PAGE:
Revolutionising Tuberculosis Diagnosis: Role Of Radiology In TB Detection

The key to TB control is conducting large scale public screening programs to detect those individuals who have TB without being aware of this and are spreading TB to other members of the community

According to the World Economic Forum, India has more than 27 per cent of the world's burden of tuberculosis (TB). The economic costs incurred translate to USD 300 million in lost wages per year, and a USD 23 billion indirect cost to the Indian economy due to lost productivity. Control of TB can therefore clearly result in significant benefits to the Indian economy. 

It is unfortunate that of the eight countries that account for more than two-thirds of the global total of tuberculosis cases, India is one (others include Nigeria, Bangladesh and the Democratic Republic of Congo). 

This is at odds with our country’s global image of a progressive and technologically advanced nation that is focused on its citizens' health and well-being. However, this can be reversed using a combination of modern medicine and public health determination. This is centered around the effective use of radiology, which is a key tool in the diagnosis and management of tuberculosis.   

X-ray is primarily used to identify TB, given that it is the least expensive and most widely available imaging modality. TB typically initially affects the lungs, hence the term pulmonary TB. X-rays can show changes in the lungs associated with TB, including cavity formation, thickening of the pleura that coats the lung, enlargement of lymph nodes and calcium deposits.  

The key to TB control is conducting large scale public screening programs to detect those individuals who have TB without being aware of this and are spreading TB to other members of the community. Identification of such individuals followed by temporary isolation and treatment forms the keystone of TB control. 

In such programs, the use of X-ray is critical in detecting subclinical TB. These patients are a public health hazard as they are spreading the disease to healthy people without knowing that they have the infection.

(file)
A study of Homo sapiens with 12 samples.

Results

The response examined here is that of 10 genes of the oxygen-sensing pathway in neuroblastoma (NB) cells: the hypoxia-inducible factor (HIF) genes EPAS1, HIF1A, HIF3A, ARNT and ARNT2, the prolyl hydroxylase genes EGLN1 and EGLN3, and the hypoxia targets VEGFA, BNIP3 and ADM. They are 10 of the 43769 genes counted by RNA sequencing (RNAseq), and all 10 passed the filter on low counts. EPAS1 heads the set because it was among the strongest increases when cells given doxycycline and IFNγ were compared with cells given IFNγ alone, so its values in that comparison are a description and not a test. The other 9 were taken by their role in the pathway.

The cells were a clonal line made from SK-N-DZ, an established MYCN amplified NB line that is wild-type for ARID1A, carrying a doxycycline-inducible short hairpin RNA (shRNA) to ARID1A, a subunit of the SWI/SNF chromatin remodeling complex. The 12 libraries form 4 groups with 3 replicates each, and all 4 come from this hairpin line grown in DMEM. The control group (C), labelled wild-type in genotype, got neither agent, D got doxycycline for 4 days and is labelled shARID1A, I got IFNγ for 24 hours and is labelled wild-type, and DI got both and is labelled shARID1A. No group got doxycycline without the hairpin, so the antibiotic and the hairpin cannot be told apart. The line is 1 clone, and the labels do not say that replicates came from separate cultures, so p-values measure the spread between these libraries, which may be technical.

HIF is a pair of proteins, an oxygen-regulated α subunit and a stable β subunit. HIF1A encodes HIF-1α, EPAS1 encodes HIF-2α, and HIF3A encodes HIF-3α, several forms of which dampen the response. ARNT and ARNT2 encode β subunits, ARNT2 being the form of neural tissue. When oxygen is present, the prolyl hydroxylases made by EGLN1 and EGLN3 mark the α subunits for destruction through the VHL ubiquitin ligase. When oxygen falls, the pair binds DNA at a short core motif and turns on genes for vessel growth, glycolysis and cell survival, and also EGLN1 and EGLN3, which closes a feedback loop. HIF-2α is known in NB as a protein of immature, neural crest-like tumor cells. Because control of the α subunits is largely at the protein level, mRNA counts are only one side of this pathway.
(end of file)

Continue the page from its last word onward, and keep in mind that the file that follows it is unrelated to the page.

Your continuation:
By conducting screening camps in endemic areas such as crowded living communities, early TB diagnosis can be made and patients can be isolated to prevent the spread of infection within the community. 

For this however, the screening program has to be done on a mass scale which results in a large number of radiographs that need to be interpreted. Currently, there is a shortage of radiologists to report such large numbers of radiographs and therefore the use of teleradiology is particularly important. 

Teleradiology works by bringing the images to the location of the radiologist, thereby making the radiologist more efficient and allowing for optimal utilization of the radiologist’s time. Using a mobile van setup coupled with teleradiology can allow for the transfer of the images to a centralized reporting facility where an expert radiologist can report these x-rays in a standardized manner for better documentation. 

Combining the use of artificial intelligence algorithms into this workflow can further assist in the screening and detection of TB at an early stage. Artificial intelligence algorithms are trained to detect the abnormalities characteristic of tuberculosis as described above. 

CT scans can further help to identify subtle changes not seen on X-rays and can help to differentiate TB from other lung diseases. CT scans are also useful for determining the extent of the infection and how far it has spread. 

CT and ultrasound scans are also helpful in diagnosing the abdominal spread of tuberculosis which is not uncommon in patients in India who have advanced infection. Abdominal ultrasound can detect some of the features of abdominal tuberculosis such as peritoneal fluid and enlarged lymph nodes. 

Finally, MRI scans can help to identify changes associated with TB that are not seen on CT scans. MRI is particularly helpful in the depiction of TB of the spine and its complications which can include paralysis if the disease progresses and remains untreated.  

Radiology can also be used to monitor the progress of TB treatment. If lung opacities, cavities or lymph nodes are becoming less visible on imaging tests, this indicates that the patient is improving. 

In summary, Radiology is key for both the early detection, diagnosis and subsequent management of TB. While X-ray combined with Teleradiology and AI forms the basis for screening and early detection, computed tomography (CT) and MRI scans can be used to evaluate for progression and spread of the disease within the body as well as check the response to treatment.  

Early detection of TB as well as its effective treatment can both result in benefits to the Indian economy by restricting the impact of this chronically debilitating and eminently curable disease on our citizens’ health.